Children's Vision Facts

Vision Problems Signs and Symptoms

How to Take Action

When you have a student who dislikes reading, feels challenged by classroom activities, seems uncoordinated, or has a hard time socially, consider that they may have a vision problem. Too often, children identified by the school nurse as needing follow-up care don’t get it. You can help by communicating your concerns to the school nurse and reminding parents about the importance of eye exams and eyeglasses.

For more information: download our Educators Fact Sheet

As educators, we know that to help your students succeed you try to see the world through their eyes. Unfortunately, many students are not able to see clearly.

Teachers want success for all students, and even though you work with children every day, it can be hard to know which children are having difficulty seeing. There are often no physical signs, and the child has no point of reference for good eyesight. Children with vision problems may not complain that it is hard to see, because they do not know what normal vision is. They think the way they see is the way everyone sees – even if it’s blurry. Unlike other chronic conditions such as asthma or diabetes, which present as health emergencies, children with vision problems do not appear to be in distress, even when they are at risk of permanent vision loss or learning difficulties.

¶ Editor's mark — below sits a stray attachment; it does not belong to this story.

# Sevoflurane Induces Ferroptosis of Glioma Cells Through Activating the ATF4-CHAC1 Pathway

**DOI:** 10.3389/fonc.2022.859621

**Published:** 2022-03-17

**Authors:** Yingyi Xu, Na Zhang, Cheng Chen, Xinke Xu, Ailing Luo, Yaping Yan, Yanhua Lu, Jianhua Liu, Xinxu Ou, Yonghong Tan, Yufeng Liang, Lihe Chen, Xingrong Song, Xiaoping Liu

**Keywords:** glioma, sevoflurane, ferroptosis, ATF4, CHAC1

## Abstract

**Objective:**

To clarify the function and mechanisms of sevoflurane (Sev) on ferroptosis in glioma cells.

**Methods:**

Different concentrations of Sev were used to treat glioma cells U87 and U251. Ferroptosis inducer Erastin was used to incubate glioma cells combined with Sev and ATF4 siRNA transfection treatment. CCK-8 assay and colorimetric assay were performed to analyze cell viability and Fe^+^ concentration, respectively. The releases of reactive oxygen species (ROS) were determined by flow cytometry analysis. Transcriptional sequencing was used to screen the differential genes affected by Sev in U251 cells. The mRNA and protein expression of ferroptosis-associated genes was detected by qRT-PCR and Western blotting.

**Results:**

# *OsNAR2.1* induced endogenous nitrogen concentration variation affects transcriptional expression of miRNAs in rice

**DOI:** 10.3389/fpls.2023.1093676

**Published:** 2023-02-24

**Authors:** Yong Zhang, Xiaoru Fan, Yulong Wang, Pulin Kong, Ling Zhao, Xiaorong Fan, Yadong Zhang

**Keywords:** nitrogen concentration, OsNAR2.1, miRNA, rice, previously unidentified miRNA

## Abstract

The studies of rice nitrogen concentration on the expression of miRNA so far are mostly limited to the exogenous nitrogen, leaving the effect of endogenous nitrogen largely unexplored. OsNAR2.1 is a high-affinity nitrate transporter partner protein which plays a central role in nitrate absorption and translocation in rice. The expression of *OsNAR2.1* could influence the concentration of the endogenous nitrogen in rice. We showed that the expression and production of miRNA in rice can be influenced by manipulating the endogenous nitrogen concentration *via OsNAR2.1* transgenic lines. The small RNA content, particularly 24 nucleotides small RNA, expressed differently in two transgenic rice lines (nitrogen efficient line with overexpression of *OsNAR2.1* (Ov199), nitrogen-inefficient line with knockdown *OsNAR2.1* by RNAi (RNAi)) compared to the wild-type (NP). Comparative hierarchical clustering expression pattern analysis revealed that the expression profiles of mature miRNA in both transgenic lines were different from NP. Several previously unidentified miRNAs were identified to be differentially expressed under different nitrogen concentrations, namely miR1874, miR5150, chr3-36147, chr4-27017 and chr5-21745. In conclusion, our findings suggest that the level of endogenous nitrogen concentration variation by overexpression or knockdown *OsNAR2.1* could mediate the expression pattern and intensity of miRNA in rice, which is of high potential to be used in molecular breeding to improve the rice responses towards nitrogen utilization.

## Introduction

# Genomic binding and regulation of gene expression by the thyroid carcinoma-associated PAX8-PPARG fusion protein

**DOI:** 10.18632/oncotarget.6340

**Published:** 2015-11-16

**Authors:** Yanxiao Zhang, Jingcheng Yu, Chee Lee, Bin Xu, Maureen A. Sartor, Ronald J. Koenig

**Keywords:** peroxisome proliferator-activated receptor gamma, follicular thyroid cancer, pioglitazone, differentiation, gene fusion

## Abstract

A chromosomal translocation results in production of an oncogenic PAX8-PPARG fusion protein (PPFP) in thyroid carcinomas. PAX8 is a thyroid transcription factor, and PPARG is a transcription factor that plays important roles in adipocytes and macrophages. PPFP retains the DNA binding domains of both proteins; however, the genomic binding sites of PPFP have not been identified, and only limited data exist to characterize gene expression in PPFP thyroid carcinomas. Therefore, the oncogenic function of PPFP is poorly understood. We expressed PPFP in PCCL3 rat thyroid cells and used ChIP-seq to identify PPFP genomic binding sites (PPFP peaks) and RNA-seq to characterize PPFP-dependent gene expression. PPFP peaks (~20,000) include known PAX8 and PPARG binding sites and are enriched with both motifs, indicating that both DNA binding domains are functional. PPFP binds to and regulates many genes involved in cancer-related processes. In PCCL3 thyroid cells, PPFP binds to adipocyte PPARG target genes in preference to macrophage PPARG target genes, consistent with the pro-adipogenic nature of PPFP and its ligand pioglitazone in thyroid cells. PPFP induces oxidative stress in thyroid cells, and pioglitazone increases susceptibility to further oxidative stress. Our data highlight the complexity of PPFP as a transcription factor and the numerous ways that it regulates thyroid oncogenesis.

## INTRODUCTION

You are in a unique position to identify children with vision problems. Correcting these problems can improve a child’s classroom, social and athletic performance.

  • Children’s vision is critical to their ability to learn, play, and develop social skills.
  • One in four American children needs eyeglasses to see the blackboard or to read a book.
  • Many children arrive at school without a vision screening or eye exam, or with a diagnosed vision problem but no eyeglasses. The eyeglasses may be broken, lost, or never purchased.
  • Some vision conditions, if not treated, will lead to permanent vision loss. This means that early detection, diagnosis, follow-up, and treatment of a child’s vision condition is critical.
  • Children with developmental delay or other special needs are more likely to have vision problems.

Teachers are a valuable resource in helping to identify students with vision issues. Common complaints and behaviors such as itchy eyes, headaches, blinking, or squinting can be symptoms of a vision problem; it’s critical that you alert the school nurse and the child’s parents if you see signs and symptoms that indicate the need for a comprehensive eye exam. When you have a student who dislikes reading; feels challenged by classroom activities; seems uncoordinated; or has a hard time socially, please consider their vision. Issues that present as personality traits or learning problems could actually be caused by poor vision. Too often, children identified by the school nurse as needing follow-up care don’t get it. You can help by communicating your concerns to the school nurse and reminding parents about the importance of eye exams and eyeglasses.

Help us accomplish our vision to assure that all children have the opportunity to develop their best possible vision.